Spring Peepers
Written by Calliope Pappadakis   
Tuesday, 26 April 2011 09:36
Frog 1Sometimes I have to remind myself to pause and take it all in. To breathe in the sweet, fragrant springtime air. Yesterday it smelled like raspberry candy. To watch and listen to the birds as they gleefully welcome each new day and new growth on the treetops. It cannot be overstated how magical spring is - new bits of greenness appear every day; places of bare limbs and empty spaces are suddenly filled and made whole again. The mountain is speckled with bits of green, white, and pink. Sweat bees have emerged and greet me at the door each morning at eye-level. After weeks of rain, the trench between the high tunnel and the house has become a small pond and home to happy, cacophonous frogs who are laying eggs and singing love songs all afternoon in the dappled sunlight.

I went in for a closer look yesterday... Singing Frogs Video

Then I noticed two together in the water... lovers? or mama and baby? Babies are tadpoles... right? Well, whatever they are, they were having a good time in the tepid rain pool. Wink, wink.

Two Frogs

Notice the strings of black pearls, frog eggs, that will soon give us even more voices in our valley chorus. Several of these frogs hibernate in the high tunnel each winter. Here's one I spotted in February still sleeping. He was so zonked out that he didn't seem to mind that I accidentally disturbed him, and then tried to tuck him back in. He kicked some dirt up over and his head and went back to sleep.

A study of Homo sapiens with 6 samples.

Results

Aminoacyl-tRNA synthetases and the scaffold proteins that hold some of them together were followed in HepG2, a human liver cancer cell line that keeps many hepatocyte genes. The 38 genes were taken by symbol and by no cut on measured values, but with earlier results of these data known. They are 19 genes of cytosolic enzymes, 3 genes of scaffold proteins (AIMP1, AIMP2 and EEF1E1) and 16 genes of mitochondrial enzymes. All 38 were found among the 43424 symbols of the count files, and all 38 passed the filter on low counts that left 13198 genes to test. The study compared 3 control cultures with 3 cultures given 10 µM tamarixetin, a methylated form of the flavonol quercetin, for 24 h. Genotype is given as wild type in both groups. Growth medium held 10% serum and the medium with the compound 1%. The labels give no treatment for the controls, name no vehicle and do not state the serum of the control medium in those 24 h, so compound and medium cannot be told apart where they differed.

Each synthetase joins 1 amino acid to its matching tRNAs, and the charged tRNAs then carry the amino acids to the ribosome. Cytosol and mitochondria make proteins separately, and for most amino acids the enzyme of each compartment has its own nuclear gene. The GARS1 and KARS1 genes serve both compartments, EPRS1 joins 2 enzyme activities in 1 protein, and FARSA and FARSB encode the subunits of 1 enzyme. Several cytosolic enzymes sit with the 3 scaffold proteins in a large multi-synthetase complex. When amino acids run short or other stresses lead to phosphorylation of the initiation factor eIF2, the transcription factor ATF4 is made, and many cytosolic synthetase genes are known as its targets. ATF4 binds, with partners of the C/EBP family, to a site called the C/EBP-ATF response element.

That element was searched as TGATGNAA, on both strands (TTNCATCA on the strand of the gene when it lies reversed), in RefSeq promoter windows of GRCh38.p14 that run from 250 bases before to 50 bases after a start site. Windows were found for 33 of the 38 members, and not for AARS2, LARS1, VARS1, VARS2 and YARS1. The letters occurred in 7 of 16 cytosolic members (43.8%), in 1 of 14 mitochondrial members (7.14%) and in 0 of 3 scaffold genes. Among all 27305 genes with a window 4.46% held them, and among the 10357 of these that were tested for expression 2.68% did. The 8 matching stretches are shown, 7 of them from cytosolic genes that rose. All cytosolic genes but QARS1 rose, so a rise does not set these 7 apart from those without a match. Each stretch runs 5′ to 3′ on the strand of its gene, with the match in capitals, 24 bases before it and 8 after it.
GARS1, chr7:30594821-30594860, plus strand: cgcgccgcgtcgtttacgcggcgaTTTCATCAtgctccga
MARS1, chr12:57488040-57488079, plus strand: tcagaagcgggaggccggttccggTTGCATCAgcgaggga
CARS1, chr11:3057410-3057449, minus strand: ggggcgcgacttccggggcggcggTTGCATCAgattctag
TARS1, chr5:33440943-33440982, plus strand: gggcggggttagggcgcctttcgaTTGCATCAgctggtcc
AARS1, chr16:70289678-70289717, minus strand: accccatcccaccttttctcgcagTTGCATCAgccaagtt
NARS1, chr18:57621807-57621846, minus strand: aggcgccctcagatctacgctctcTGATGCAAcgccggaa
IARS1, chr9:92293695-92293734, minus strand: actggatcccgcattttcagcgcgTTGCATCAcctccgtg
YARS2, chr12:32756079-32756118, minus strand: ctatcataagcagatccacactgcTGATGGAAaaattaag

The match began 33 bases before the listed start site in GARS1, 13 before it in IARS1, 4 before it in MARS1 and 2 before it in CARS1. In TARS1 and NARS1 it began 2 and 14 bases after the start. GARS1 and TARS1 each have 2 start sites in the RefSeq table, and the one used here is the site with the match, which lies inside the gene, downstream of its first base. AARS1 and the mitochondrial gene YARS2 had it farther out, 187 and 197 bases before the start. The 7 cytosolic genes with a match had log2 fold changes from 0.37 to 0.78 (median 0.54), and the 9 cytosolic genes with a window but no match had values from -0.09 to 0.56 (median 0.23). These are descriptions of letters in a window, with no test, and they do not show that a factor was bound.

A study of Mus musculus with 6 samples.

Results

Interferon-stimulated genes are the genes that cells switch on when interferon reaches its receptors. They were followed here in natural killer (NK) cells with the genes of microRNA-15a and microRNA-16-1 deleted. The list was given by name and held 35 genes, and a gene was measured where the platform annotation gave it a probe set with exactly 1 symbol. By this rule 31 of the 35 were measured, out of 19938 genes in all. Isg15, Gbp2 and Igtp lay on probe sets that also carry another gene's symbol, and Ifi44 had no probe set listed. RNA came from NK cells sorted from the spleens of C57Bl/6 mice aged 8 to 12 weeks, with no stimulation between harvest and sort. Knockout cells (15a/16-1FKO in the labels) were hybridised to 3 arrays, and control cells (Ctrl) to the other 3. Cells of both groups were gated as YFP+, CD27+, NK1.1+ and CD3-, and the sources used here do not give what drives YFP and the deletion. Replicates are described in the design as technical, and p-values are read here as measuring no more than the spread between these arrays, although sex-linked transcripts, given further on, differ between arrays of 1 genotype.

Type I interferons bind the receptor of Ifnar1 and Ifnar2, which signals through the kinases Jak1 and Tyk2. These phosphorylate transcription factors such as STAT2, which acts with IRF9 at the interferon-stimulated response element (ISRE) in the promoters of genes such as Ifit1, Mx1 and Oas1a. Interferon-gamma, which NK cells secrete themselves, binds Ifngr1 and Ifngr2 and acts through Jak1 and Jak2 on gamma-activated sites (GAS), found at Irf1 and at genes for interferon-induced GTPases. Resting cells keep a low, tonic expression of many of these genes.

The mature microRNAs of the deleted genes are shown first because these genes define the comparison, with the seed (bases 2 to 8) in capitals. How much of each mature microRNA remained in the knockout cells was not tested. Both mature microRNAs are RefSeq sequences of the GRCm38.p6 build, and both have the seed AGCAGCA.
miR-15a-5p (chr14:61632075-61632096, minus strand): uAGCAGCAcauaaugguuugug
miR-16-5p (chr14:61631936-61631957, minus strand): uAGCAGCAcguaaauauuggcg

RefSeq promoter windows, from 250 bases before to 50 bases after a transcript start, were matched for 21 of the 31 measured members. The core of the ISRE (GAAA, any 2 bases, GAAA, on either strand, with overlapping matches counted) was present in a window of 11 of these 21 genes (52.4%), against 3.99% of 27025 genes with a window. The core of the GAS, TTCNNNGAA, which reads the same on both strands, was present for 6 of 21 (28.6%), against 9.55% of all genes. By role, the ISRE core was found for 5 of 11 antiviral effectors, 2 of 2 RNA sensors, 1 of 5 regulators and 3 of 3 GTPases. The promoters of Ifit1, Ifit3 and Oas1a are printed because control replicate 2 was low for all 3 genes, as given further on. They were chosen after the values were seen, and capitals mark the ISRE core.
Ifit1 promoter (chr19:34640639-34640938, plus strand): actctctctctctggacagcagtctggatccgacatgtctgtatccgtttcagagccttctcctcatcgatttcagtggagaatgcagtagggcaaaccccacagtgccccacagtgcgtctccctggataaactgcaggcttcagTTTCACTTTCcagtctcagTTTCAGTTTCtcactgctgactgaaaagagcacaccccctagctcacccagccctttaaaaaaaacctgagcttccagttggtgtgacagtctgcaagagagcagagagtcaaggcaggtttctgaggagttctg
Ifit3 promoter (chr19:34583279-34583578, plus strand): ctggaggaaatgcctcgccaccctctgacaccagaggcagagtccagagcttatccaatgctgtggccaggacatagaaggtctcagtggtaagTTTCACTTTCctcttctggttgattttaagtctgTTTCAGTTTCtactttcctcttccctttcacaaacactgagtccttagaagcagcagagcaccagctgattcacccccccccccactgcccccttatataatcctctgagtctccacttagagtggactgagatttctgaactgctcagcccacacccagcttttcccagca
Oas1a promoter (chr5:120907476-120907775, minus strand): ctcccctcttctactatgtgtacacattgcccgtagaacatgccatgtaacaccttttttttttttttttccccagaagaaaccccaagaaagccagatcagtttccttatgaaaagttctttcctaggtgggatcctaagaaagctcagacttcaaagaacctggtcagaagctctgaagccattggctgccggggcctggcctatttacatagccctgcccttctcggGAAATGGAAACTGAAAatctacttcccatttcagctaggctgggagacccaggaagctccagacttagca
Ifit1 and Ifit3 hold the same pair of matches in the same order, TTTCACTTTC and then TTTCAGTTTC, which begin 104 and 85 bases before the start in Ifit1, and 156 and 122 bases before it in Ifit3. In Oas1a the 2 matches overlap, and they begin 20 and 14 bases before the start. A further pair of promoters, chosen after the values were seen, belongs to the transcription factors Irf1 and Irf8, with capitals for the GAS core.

Hibernating Frog in high tunnel

Let's call him "Sleeping Beauty"

 

A blackbear has been spotted digging in the trash, and his scat has been seen on the trails between ours and our neighbors' houses. They wake up hungry and come looking for the quickest meal possible. Next spring, we'll have chickens outside and will have to take some extra precautions once hibernation season has ended.

I spotted the first hummingbird yesterday. She came over to the porch to check out the pink impatiens I had just planted, and then I saw her making a wild flight pattern above the flowering quince shrub. She proceeded to swing back and forth - in the pattern of a giant pendulum - chirping with delight as she noted which flower she'd visit next. Watch carefully and you'll see her darting in and out of the frame. The Flight of the Hummingbird

This morning, a male Ruby-throated Hummingbird was visiting the Bleeding Hearts right outside my office window while I was in a live online class seminar at my desk. I paused and told the students about it, and they asked if they could come for a visit.

This bird, what I think is a female oriole, was watching me watch the hummingbird doing her pendulum navigation. What queer creatures these humans are, she must have been thinking. She was busy gathering bits of things to take to her nest in the pine trees behind the house.

Mama Oriole?

As the sun headed toward the horizon, I picked our first sampling of baby Partenon Zucchinis for dinner. The Earthy Cowoby said, "I could eat a big bowl of those." They were tender and fresh. The plants are laden with flowers and fruit. Soon, we'll be harvesting them 3-4 times a week!

First Zucchini Harvest

While enjoying the spring in all its glory, I am reminded of the flora and fauna that that have been preserved around us. With gratitude for his generous donation of a portion of the upper Dauphin woodlands for public use, and his generous contributions to the preservation of its natural beauty, we tip our hats to Mr. Ibberson who passed away last Saturday. His 350-acre tree farm that he donated to the state now serves as a recreational spot, and a contains trails that we hike to find the rare Pennsylvania orchid, the Lady Slipper, which blooms in May. We send our condolences to his family.